Anderson Sotomayor, the Vineland man charged with six drunken-driving offenses from April 9 to June 28, was sentenced Thursday to one year in jail and lost his driving privileges for the next 33 years.
Municipal Court Judge John Kaspar imposed the sentence after Sotomayor, 45, pleaded guilty to a series of charges that included driving while intoxicated April 9 and April 25 and May 12.
Sotomayor also pleaded guilty to single counts of refusing to take a breath test, reckless driving, leaving the scene of an accident and failure to stop at a stop sign. The latter two charges are not related to drunken-driving incidents but to an April 2 accident during which Sotomayor hit a bus.
The judge also imposed penalties on Sotomayor that included $6,342 in fines and $700 in motor vehicle surcharges.
Other than to answer “yes” or “no” to questions posed by Kaspar, Sotomayor said little, although when asked by Kaspar what kind of alcohol he consumed in connection with two of the drunken-driving offenses, he replied “beer.”
He did not comment to reporters as he was led out of the courtroom pending his transfer back to the Cumberland County jail in Bridgeton.
Prior to sentencing, defense attorney Frank Amari told Kaspar that his “natural conclusion or suspicion was that one or more things that have happened in the defendant’s life caused this individual to seek comfort in alcohol. That is, in fact, the case.”
Neighbors said earlier that Sotomayor suffered several personal tragedies in the past year, including the loss of his right leg.
After sentencing, Amari asked Kaspar whether Sotomayor could serve half of his sentence in some kind of rehabilitation setting. Kaspar said he would leave that possibility up to corrections officials but indicated it might be a good idea.
“Society would be best served by doing so,” Kaspar said. “I think it would be in everyone’s interest, not to mention Mr. Sotomayor.”
City police charged Sotomayor with drunken driving April 9, April 11 and April 25, May 12, May 16, and June 28. Sotomayor has previous convictions for drunken-driving offenses in 1989 and 1992, according to the state Motor Vehicle Commission.
Sotomayor did not plead guilty to drunken driving in the April 11 incident. Assistant City Prosecutor Ed Duffy told the court that there was not enough evidence to prove without a reasonable doubt that Sotomayor was driving while intoxicated that day. Sotomayor pleaded guilty to charges of reckless driving and refusing to take a breath test filed in connection with that incident.
Duffy also said the prosecution would not pursue drunken-driving charges lodged against Sotomayor for the May 16 incident.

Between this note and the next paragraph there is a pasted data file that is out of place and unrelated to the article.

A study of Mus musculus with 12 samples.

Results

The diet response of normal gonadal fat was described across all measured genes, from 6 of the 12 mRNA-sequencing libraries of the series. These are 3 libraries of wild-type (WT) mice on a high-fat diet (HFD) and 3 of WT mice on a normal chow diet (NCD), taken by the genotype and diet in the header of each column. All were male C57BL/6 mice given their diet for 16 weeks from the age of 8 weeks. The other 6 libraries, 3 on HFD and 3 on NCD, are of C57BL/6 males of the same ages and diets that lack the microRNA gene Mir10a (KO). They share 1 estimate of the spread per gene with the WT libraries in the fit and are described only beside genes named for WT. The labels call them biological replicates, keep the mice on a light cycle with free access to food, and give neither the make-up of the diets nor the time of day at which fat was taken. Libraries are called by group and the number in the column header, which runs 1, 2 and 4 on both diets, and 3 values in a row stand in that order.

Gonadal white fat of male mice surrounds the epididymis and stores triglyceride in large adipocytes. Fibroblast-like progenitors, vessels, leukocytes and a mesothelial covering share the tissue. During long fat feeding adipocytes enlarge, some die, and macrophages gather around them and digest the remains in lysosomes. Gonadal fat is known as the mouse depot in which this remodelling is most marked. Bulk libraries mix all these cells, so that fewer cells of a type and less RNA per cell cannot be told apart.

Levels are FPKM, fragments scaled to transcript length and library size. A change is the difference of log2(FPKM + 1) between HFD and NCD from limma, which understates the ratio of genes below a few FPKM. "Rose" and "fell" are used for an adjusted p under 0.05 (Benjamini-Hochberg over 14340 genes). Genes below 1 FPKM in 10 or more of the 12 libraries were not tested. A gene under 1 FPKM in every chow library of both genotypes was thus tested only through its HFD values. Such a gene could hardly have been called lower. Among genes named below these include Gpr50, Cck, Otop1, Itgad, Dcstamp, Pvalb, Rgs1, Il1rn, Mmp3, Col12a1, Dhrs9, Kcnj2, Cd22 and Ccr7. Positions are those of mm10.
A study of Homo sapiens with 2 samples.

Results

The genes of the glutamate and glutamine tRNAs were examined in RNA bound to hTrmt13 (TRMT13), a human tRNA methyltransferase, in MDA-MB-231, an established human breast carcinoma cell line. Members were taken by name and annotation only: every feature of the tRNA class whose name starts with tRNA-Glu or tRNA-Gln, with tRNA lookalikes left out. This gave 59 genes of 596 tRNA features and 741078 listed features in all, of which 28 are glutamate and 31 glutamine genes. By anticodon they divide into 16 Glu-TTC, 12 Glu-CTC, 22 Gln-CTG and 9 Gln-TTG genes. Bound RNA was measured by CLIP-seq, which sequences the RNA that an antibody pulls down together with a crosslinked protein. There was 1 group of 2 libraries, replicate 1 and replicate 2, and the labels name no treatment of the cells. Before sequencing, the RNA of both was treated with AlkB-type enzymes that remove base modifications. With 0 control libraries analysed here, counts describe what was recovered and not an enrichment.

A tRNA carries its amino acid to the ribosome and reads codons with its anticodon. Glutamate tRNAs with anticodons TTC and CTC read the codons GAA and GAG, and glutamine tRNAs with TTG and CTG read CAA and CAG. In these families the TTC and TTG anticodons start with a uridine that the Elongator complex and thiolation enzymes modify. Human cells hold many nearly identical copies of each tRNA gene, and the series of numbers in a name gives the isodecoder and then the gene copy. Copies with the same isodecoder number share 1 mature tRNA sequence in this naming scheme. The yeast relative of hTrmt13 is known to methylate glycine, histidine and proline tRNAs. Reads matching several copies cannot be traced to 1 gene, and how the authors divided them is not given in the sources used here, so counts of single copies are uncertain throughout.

Thursday’s admissions of guilt were part of a plea agreement with the city prosecutor’s office. That agreement resulted in the dropping of charges that include refusal to take a breath test, reckless driving, failing to maintain a driving lane, having an open container of alcohol in a motor vehicle, consuming alcohol in a motor vehicle, failure to produce registration or insurance documents, driving the wrong way on a one-way street and improper use of a center turning lane.
Sotomayor still faces other charges related to motor vehicle incidents on Jan. 20, during which he allegedly failed to show proof of registration and insurance, and the drunken-driving offenses of May 16 and June 28. Duffy said the city was not prepared to move forward with those cases.
Police asked a judge to set bail for Sotomayor after his arrest May 12 in an effort to stop him from driving. The on-call judge refused, saying that was prohibited under state law. State court officials said the judge acted correctly, as drunken driving was not a criminal offense for which bail could be set.
Sotomayor was sent to the county jail after the May 16 incident, which included a criminal drug possession charge. He was eventually released, only to be arrested again on a drunken-driving charge.
The first five drunken-driving arrests of Sotomayor, which were widely publicized, prompted state legislators to propose a bill that would make some drunken-driving offenses criminal acts.
Identical bills proposed in both houses of the Legislature state that:
- A person convicted of a second or subsequent drunken-driving offense that occurred within 60 days of the first offense would be guilty of a fourth-degree crime. That crime is punishable by a fine of as much as $10,000, 18 months imprisonment or both.
- A court can set bail of as much as $10,000 when a person is charged with a second or subsequent drunken-driving offense within 60 days of the first offense. The court can also at that time suspend the person’s driving privileges under those circumstances.
- Law-enforcement officers must record all drunken-driving summonses into the appropriate system within three hours of the end of the shift during which they issued the summons.
No date for votes on the measures is set.